I think it’s safe to say most of us can remember a time or two million when our parents or another caring adult said or did something when we were younger that had a negative impact on our self-esteem. Lord knows I can remember a few things. Even the most well-intentioned adults can say some pretty hurtful things, can’t they? In their effort to help us become what they wanted for us, the adults in our lives either said or did something that reinforced the idea that their love and adoration for us was based on our performance. 

As a result of the sore spots in our upbringing, many of us are keenly aware of the things we say and do to and around our kids, right down to our facial expressions. We’re so scared of damaging our kids and destining them to lifelong therapy. 

But even we can fall into the trap of performance-based praise if we’re not careful—heavily researching, overthinking parents that we are. I mean, who doesn’t want to see their kids succeed? So, how do we encourage our kids to live up to their potential without sending them the message their worth is tied to what they can do? One word: stewardship.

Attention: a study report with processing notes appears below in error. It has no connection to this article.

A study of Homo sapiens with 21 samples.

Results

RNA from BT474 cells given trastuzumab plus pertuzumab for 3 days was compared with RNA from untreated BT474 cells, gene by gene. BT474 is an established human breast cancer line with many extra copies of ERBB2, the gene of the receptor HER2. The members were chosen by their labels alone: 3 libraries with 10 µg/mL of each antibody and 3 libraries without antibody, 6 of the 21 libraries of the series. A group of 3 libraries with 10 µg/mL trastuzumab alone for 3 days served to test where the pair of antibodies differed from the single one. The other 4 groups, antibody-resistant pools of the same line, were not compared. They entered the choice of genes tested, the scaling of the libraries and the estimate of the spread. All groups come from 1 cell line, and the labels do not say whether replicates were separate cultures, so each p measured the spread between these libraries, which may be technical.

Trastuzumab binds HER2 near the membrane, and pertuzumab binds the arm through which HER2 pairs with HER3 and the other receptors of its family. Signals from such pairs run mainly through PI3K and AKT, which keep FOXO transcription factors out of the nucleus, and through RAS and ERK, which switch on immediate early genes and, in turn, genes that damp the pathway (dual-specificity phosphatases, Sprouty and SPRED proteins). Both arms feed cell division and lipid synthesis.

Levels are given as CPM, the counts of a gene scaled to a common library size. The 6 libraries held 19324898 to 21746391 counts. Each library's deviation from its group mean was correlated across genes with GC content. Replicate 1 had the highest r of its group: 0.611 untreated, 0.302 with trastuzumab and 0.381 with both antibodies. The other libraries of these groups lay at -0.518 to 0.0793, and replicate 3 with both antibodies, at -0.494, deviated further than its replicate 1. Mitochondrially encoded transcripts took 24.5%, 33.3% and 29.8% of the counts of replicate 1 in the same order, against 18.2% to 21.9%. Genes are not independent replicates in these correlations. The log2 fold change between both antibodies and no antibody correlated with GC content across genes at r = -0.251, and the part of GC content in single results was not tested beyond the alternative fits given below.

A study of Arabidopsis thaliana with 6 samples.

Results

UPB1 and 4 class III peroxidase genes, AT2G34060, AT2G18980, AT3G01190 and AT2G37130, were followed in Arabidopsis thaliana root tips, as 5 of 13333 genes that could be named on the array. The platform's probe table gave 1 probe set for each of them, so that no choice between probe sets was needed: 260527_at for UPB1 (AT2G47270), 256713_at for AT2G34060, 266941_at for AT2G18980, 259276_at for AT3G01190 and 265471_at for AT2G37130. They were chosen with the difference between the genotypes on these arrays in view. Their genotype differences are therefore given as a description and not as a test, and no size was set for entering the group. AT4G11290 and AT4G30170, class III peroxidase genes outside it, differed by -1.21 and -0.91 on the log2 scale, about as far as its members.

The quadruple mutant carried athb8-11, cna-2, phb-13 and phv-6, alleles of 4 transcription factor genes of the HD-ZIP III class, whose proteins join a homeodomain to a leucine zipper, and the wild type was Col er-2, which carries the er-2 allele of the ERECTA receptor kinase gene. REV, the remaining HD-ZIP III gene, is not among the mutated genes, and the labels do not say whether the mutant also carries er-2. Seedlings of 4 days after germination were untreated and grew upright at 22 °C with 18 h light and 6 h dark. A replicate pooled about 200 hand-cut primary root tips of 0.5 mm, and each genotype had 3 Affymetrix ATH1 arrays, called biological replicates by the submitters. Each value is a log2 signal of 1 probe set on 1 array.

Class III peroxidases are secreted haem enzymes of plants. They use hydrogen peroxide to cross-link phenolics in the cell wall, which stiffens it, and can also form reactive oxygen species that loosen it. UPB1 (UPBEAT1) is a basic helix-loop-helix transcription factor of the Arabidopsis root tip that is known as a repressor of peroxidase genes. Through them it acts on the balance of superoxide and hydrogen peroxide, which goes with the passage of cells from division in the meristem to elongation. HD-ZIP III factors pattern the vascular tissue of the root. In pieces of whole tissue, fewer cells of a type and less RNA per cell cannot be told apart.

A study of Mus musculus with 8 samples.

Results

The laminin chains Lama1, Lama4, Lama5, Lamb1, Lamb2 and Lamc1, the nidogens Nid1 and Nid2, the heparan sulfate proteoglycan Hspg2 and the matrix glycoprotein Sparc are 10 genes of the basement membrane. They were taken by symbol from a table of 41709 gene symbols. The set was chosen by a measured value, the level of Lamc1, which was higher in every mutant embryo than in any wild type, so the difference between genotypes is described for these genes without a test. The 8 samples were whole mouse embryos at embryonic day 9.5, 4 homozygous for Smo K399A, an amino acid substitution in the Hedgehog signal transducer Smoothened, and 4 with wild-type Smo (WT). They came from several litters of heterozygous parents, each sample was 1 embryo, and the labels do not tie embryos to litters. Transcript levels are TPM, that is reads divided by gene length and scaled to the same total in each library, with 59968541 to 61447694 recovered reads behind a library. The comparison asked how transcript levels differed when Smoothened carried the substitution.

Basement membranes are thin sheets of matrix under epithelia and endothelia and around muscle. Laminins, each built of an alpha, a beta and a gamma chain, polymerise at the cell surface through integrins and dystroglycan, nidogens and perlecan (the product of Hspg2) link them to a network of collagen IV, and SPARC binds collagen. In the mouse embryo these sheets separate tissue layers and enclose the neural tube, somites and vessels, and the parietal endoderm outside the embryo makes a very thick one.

According to the dictionary, stewardship is “the responsible overseeing and protection of something considered worth caring for and preserving.” You may be wondering how this applies to this particular area of parenting. Let’s unpack this with a scenario:

Your kid gets a good grade. Instead of celebrating the good grade and moving on, you can go a little deeper by saying something like, “I’m so proud of you for getting this good grade. It shows me that you really understand what you’re learning. The things you’re learning can really be helpful not only to you, but to other people too.”

When framed this way, your kids’ knowledge, skills, and gifts almost become like their superpowers—these gifts can be used to serve both themselves and the world. Because here’s what we want our kids to ultimately understand: It’s not about what they can do, it’s about who they can be.

  • Our kids can be kind.
  • Our kids can be helpful.
  • Our kids can be service-minded.

You can’t control how your kids interpret your words, but you can consistently move the conversation away from performance and in the direction of stewardship. You can do this by . . .

. . . being mindful of what you celebrate because what gets celebrated gets repeated.

. . . explaining why something is important before your kids ask.

. . . encouraging good thought processes.

We may not always get it right, but we can try. When we affirm our kids’ character instead of their performance, we are communicating that who they are intrinsically matters way more than anything they could ever do. And when we constantly reinforce to them that their abilities or gifts can be used to not only help themselves, but others, too, we can refocus their attention on the act of serving others.